Arts

We offer 22 courses in the arts that span music, theatrical arts and studio arts, and our program is among the strongest and most highly regarded in the region — thanks to teachers and instructors who are still very much practicing their own craft. The 30 members of adjunct music faculty, some of whom have played with Aretha Franklin and other stars, perform at marquee venues such as Radio City Music Hall and the Kennedy Center. Our studio arts teachers routinely put on their own solo exhibitions at area galleries. And our theatrical arts director is a professional actress who has been nominated for a Helen Hayes Award, recognizing theatrical excellence in the D.C. area.

All students participate in music, theatrical arts and/or studio arts (specific requirements vary by division) during their Landon years, and our Bears routinely excel in competitions. (See the above all-school literary arts magazine, Virtute, for examples of their photography, art and writing).

In the Lower School, you take a studio arts class, belong to a musical group (Band, Strings or Chorus), and can participate on the stage or behind the scenes in the annual spring play. Our Lower School Bears display their paintings and drawings in the Lower School Art Competition, have earned superior ratings for their performances at Hersheypark’s Music in the Parks festival, and have recently performed in Honk Jr. and The Lion King Jr..

Performing and studio arts are also a required part of the Middle School curriculum. Your work could be celebrated during “MAD” (Music-Art-Drama) Day assemblies, where students perform for one another. You continue to pursue the studio arts and can elect a music or theater class to fulfill your performing arts requirement. You can also act alongside girls from Holton-Arms School in theater performances such as Once on this Island Jr. If you are more interested in studio art, you could earn accolades for your paintings in the prestigious Scholastic Art & Writing Awards, following in the footsteps of other Landon students.

In the Upper School, you are required to take two years of classes in the arts — studio or performing — and have the option to take more if you so choose. You can take a theatrical arts class and participate in the two Upper School plays or musicals, done in conjunction with sister school Holton-Arms. You can choose to join one of our outstanding musical groups, including choruses such as the Bearitones and Chamber Singers and instrumental ensembles including Jazz and Symphonic Band, which travel to competitions throughout the East Coast, including in New York and Orlando. Or you can pursue a studio art: Upper School artists often exhibit their work in the school’s galleries, which host solo shows throughout the year, and excel in local and national competitions: In recent years, they have taken home prizes from the Best of the Independent Schools Art Competition and the Scholastic Art & Writing Awards.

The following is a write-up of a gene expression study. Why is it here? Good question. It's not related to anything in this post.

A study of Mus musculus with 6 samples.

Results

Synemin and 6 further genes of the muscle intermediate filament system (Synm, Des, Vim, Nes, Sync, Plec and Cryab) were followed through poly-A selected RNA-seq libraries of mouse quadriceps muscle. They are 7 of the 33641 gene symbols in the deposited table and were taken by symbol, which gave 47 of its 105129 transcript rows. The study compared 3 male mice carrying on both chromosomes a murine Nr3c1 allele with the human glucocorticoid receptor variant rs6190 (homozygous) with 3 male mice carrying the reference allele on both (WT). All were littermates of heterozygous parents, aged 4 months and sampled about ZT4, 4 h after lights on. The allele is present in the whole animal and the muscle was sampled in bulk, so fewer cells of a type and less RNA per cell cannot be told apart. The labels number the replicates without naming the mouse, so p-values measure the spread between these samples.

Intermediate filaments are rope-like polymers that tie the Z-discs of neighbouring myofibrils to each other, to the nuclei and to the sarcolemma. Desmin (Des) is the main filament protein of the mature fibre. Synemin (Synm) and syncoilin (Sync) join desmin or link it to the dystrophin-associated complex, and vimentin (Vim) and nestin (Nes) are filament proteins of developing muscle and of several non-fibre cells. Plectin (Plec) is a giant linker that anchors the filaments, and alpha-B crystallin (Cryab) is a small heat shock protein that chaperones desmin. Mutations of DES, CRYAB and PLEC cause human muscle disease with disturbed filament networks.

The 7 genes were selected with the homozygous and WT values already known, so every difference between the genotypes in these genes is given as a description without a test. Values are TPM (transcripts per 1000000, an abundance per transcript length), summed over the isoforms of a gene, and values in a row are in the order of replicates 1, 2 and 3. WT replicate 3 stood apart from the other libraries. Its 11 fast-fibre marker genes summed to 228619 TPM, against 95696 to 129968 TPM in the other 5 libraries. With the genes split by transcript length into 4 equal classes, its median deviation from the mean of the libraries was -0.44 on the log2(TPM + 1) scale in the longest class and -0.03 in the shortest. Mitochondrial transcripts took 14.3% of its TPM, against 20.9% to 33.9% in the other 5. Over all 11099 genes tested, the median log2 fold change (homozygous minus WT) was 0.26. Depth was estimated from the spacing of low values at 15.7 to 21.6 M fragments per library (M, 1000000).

Learn More

Upcoming Spring 2019 Productions 

Middle School presents with Holton-Arms
"Oliver Twist"
Thursday, February 14 at 2 and 7 p.m.

Lower School presents
"Roald Dahl's Willy Wonka JR" 
Tuesday, March 19 at 7 p.m.

Upper School presents with Holton-Arms
"Newsies"
Friday, May 17 at 7:30 p.m.
Saturday, May 18 at 2 and 7:30 p.m.
 

Admission is free and there is no reserved seating. Doors open 30 minutes in advance of the performance.  

All School Calendar

News

Flag football arrives at Landon

Landon is making changes to its athletics program to ensure the well-being of our boys and to align the structure with the school's mission following recommendations made by the Athletics Philosophy Committee.


Landon leaps into student enrichment

Lower School students will have new learning opportunities in the 2019-20 school year with the introduction of the Landon Enrichment and Afterschool Program (LEAP).


Collaboration + creativity = art

Art teacher Megan Rains-Mercado writes in this blog post about this year's Landon Lower School art show. The show, titled "Collaborative Portraits of Prominent Members of the Civil Rights Movement," features projects that not only build the boys' creative skills but also teach them about leadership and character through a look back at transformative figures in U.S. civil rights history.